FILMS: Who needs Oscar? Here’s our list of the 10 best family films

FILMS: Who needs Oscar? Here’s our list of the 10 best family films


Animated characters are seen in the movie “Cloudy With Chance of Meatballs 2.” The Catholic News Service classification is A-II — adults and adolescents. The Motion Picture Association of America rating is PG — parental guidance suggested. (CNS photo/Columbia)

The top 10 family films of 2013, according to Catholic News Service, are:

“Cloudy With a Chance of Meatballs 2” is a cheerful animated comedy in which the young inventor (voice of Bill Hader) of a machine that turns water into food learns that the device, which he thought had been disabled, has continued to function. Directors Cody Cameron and Kris Pearn’s sequel serves up colorful fun while elevating friendship and teamwork over egotism (A-II, PG).

Beautifully rendered and refreshingly good-humored, “The Croods” follows the adventures of the Stone Age family of the title — voiced by Nicolas Cage, Catherine Keener and Emma Stone — as they face the perils of climate change. Directors and co-writers Chris Sanders and Kirk DeMicco spin a diverting tale that also carries an intriguing Christian subtext.

In the sweet animated sequel “Despicable Me 2,” the never very wicked and now thoroughly reformed villain of the original film (voice of Steve Carell) teams with a secret agent (voice of Kristen Wiig) to identify the perpetrator of a crime of global significance. An endearing comedy showcases the transformative power of both romantic love and family affection.

“Ender’s Game,” an enlightened and well-wrought science-fiction movie, focuses on a 12-year-old (Asa Butterfield) chosen to lead Earth’s military forces against an alien race that 50 years earlier tried to colonize the planet, resulting in the deaths of millions. Director and screenwriter Gavin Hood highlights a salubrious message about the moral pitfalls of war (A-II, PG-13).

“Epic” is a pleasant animated fantasy in which a 17-year-old girl (voice of Amanda Seyfried) finds herself magically transported to a miniature world within nature where the champions of growth and life battle the dark forces of decay.

In co-directors Chris Buck and Jennifer Lee’s animated musical “Frozen,” the new queen (voice of Idina Menzel) of a mythical kingdom accidentally unleashes her power to create ice and snow, causing an eternal winter. This good-natured film has a nice message about the enduring bonds of family as well as a few religious overtones likely to please believers.

“The Hobbit: The Desolation of Smaug,” director Peter Jackson’s second installment in a trilogy of films based on Catholic author J.R.R. Tolkien’s novel, finds a once-timid hobbit (Martin Freeman) continuing his courageous quest to help a group of dwarves (led by Richard Armitage) recapture their ancestral stronghold from the terrifying dragon (voice of Benedict Cumberbatch) who displaced them. Implicit warnings against the corrupting influence of wealth and power accompany his adventures (A-II, PG-13).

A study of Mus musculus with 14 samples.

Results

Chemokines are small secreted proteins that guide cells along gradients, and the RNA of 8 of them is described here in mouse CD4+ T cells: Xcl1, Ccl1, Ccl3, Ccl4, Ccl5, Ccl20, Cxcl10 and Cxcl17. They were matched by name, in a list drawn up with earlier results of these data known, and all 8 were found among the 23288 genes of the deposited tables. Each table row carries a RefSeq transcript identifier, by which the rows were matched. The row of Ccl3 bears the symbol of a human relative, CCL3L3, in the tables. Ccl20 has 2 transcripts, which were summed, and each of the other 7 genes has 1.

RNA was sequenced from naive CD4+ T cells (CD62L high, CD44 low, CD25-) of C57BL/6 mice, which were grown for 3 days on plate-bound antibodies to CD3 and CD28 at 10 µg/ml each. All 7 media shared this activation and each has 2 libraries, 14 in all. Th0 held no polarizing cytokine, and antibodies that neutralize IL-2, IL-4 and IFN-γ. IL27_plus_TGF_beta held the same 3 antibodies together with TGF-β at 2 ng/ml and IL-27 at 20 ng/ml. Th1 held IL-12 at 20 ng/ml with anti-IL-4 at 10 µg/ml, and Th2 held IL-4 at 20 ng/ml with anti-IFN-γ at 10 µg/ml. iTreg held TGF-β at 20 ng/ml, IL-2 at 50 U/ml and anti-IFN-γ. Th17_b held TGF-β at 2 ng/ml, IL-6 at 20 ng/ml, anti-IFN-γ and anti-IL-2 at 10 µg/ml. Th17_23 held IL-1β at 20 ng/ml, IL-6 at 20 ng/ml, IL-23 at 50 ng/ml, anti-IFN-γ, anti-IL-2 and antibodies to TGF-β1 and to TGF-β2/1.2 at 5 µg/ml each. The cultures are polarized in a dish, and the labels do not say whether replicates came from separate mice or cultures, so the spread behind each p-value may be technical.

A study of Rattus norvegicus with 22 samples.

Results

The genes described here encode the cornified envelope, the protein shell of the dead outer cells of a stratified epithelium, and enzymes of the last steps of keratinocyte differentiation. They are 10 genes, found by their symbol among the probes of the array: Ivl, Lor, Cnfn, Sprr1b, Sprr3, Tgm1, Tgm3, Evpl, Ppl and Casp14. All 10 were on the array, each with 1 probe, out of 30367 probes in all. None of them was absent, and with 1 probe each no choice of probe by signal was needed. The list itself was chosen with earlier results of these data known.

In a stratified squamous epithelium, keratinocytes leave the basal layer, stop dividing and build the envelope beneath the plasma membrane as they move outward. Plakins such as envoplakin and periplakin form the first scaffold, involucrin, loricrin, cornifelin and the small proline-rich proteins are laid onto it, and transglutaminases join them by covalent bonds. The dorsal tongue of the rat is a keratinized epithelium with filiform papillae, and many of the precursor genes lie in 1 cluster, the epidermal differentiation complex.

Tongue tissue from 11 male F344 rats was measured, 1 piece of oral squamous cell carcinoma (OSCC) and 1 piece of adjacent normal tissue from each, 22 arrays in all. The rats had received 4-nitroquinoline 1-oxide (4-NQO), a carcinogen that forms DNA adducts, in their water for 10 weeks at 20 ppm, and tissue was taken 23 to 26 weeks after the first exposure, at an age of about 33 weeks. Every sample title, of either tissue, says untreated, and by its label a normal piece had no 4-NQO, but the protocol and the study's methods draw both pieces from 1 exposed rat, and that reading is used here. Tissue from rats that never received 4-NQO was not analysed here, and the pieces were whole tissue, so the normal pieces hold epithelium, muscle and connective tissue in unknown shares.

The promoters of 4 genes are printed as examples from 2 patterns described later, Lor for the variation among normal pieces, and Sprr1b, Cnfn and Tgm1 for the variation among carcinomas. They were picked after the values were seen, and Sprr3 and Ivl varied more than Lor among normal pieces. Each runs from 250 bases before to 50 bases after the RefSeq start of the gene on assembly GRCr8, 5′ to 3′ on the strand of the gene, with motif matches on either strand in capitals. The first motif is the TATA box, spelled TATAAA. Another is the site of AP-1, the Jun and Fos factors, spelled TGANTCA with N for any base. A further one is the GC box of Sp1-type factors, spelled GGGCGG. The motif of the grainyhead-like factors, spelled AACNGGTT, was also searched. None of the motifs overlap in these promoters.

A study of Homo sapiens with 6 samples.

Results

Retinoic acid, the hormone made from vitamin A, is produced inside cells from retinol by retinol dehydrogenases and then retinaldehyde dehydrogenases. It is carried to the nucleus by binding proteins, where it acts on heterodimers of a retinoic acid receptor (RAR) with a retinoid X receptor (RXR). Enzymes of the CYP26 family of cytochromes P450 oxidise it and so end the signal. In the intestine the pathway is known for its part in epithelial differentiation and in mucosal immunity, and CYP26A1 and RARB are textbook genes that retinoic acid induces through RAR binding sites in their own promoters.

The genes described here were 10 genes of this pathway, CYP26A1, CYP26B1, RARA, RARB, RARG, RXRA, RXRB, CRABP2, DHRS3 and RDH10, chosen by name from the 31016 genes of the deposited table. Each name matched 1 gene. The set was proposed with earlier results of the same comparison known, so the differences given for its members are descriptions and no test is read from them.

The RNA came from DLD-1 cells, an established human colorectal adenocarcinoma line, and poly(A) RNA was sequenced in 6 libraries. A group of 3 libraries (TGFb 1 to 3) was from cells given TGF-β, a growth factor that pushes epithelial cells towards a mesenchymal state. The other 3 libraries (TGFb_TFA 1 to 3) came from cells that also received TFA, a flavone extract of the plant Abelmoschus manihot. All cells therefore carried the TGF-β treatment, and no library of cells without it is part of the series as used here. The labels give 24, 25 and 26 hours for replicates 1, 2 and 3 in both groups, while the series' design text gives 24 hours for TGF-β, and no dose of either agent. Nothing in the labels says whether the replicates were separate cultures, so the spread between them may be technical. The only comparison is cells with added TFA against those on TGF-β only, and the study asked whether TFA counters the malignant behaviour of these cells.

“Jack the Giant Slayer” is a fun fable in which the romance between a peasant boy (Nicholas Hoult) and a princess (Eleanor Tomlinson) is imperiled when a beanstalk of his own unwitting creation suddenly sprouts up, carrying her aloft to a land of people-eating giants. A faith-tinged retelling of the classic fairy tale is set in an alternate version of the Middle Ages where characters freely acknowledge God (A-II, PG-13).

“Monsters University,” director Dan Scanlon’s animated prequel to the 2001 hit “Monsters, Inc.,” centers on two best pals (voices of Billy Crystal and John Goodman) were not, it seems, always so fond of one another. This tale of the duo’s college years reinforces familiar but important messages for young people (and their parents): Make friends, study hard and apply your unique talents for the greater good (G — general audiences).

Aesop’s fable of the tortoise and the hare gets a Formula One makeover in the rollicking animated comedy “Turbo” as a garden snail’s (voice of Ryan Reynolds) wish for super speed is unexpectedly granted after a freak accident. A warmhearted family adventure that champions the underdog and upholds the bonds of familial love.

CNS classification is A-I — general patronage, while their MPAA rating is PG — parental guidance suggested, some material may not be suitable for children.

— By John Mulderig, Catholic News Service.